The gubernatorial election in Washington, 2008 elected the Governor of Washington on November 4, 2008. With the emergence from the August 19 primary of Republican Dino Rossi and incumbent Democratic Governor Christine Gregoire, the 2008 election was a rematch between the candidates from the 2004 election. That election was the closest in Washington State history with each receiving 49 percent of the vote and Rossi winning the first two of three counts. In contrast to the recounts and months of legal challenges in their previous contest, Dino Rossi conceded defeat in the election to Gregoire on November 5, earning 46 percent of the vote.
Under the changes to election law made by the passage of Initiative 872, partisan contests are no longer tied to registered parties, but candidates are allowed to indicate an arbitrary "party preference" to appear next to their name on the primary and general election ballots. An extreme example of this occurred in the 40th District race for state senator, where candidate Timothy Stoddard indicated a preference for the "Salmon Yoga" party.
Republican candidate Dino Rossi listed his party preference as "G.O.P." instead of the traditional party name "Republican". Critics of Rossi contended that the choice of party name was an attempt to distance himself from any negative opinions associated with the Republican Party. Rossi's campaign argued that the difference was insignificant, saying voters are already aware that the terms refer to the same party. However, an Elway Research poll taken in August 2008 found that over 25% of registered voters were not aware that the term "GOP" meant the Republican Party.
On September 23, the Washington State Democrats filed a lawsuit against the Secretary of State to force the state to list Rossi to on the general election ballot as a Republican instead of with the "GOP Party" label, alleging that the latter is a misrepresentation of his true party affiliation. A King County Superior Court judge dismissed the suit, saying nothing in state law made the choice of party name illegal, though he acknowledged the potential confusion. Had the lawsuit succeeded, many counties would have had to reprint their ballots, and the already-cast absentee votes of military personnel may have become invalid.
The Washington primary election was held August 19, 2008. For the first time, Washington ran a top-two primary, eliminating the "pick a party" primary used since 2004. Unlike traditional primaries, wherein each party with more than one candidate is reduced to a single person to appear on the general election ballot, the system simply reduces the entire crop of candidates from all parties down to the top two vote-getters, resulting in no more than two candidates appearing on the general election ballot for a given position. As a result, candidates from all parties were essentially running against each other. To allow for ideological identification, each candidate in a partisan race was allowed to indicate an arbitrary party preference.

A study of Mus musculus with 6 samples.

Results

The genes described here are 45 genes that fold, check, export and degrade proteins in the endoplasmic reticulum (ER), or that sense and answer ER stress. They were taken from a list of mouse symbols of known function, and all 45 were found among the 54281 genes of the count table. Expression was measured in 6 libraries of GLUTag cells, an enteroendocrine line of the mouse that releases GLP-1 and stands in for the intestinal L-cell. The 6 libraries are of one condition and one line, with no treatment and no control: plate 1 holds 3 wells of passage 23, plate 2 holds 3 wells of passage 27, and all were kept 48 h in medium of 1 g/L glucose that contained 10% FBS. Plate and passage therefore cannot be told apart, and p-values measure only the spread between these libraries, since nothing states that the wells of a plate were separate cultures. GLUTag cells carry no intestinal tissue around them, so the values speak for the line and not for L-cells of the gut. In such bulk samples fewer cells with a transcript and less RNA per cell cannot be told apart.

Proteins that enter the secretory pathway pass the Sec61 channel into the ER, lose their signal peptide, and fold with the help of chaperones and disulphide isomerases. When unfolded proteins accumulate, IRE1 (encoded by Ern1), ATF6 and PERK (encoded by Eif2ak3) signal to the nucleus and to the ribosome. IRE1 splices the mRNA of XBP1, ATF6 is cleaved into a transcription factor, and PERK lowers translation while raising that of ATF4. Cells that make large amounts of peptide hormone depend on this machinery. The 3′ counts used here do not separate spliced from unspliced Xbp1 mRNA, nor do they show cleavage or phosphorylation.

While the primary was officially held on August 19, 2008, some counties such as King County allow absentee ballots to be postmarked by that date in order to be valid. As a result, the primary vote tally may not be officially certified until as late as September 9, to allow time for mailed-in ballots to arrive and be counted by the counties. As an increasing number of counties allow, encourage, or mandate mail-in ballots for voters within the county, the number of such ballots can be significant.
The vote tally as of October 10 is as follows:
Christine Gregoire and Dino Rossi were declared the winners of the primary and placed on the ballot for the November 4th election, which coincided with the national election. However, with all Washington counties either exclusively or (in the case of Pierce and King counties) predominantly voting via mail-in ballot, many votes were cast prior to that date. King County, the largest county in the state, and the one which carried Gregoire to victory in 2004, sent out overseas absentee ballots on October 5, and resident mail-in ballots on October 17.
In Washington state, mail-in ballots only need to be postmarked, not received, by November 4, meaning that valid ballots will continue to be received and counted after that date. For the 2008 election, counties had until November 26 to send results to the state, and the Secretary of State had until December 4 to certify all state results.
At an August 7 press conference held by the Seattle Police Officers Guild to declare its endorsement of Rossi, the Guild forcibly removed Kelly Akers, a Gregoire campaign staffer who was filming the event, from the premises. The Rossi campaign reiterated a standing policy to prevent opposing campaigns from filming Rossi's appearances, to deny them the ability to take "attack footage". Rossi's campaign staff includes a cameraman tasked with filming Gregoire appearances.
Gregoire declared victory after late evening returns were posted, with 42% of the statewide vote counted, showing her with a 52% lead over Rossi. By 10:30 PM all three major television networks had called the race for Gregoire.
The Rossi campaign called the networks' declarations "premature" and did not concede defeat that evening. Rossi held out hope that late ballots would carry him, as late returns had reversed an early Gregoire lead in 2004. Rossi conceded the next morning.
^Washington political blogger Goldy suggested that Rossi was "too ashamed to have the Republican brand attached to his name." Goldstein, David (2008-06-05). "BREAKING: Dino Rossi quits Republican Party!". HorsesAss.org. Retrieved 2008-08-20.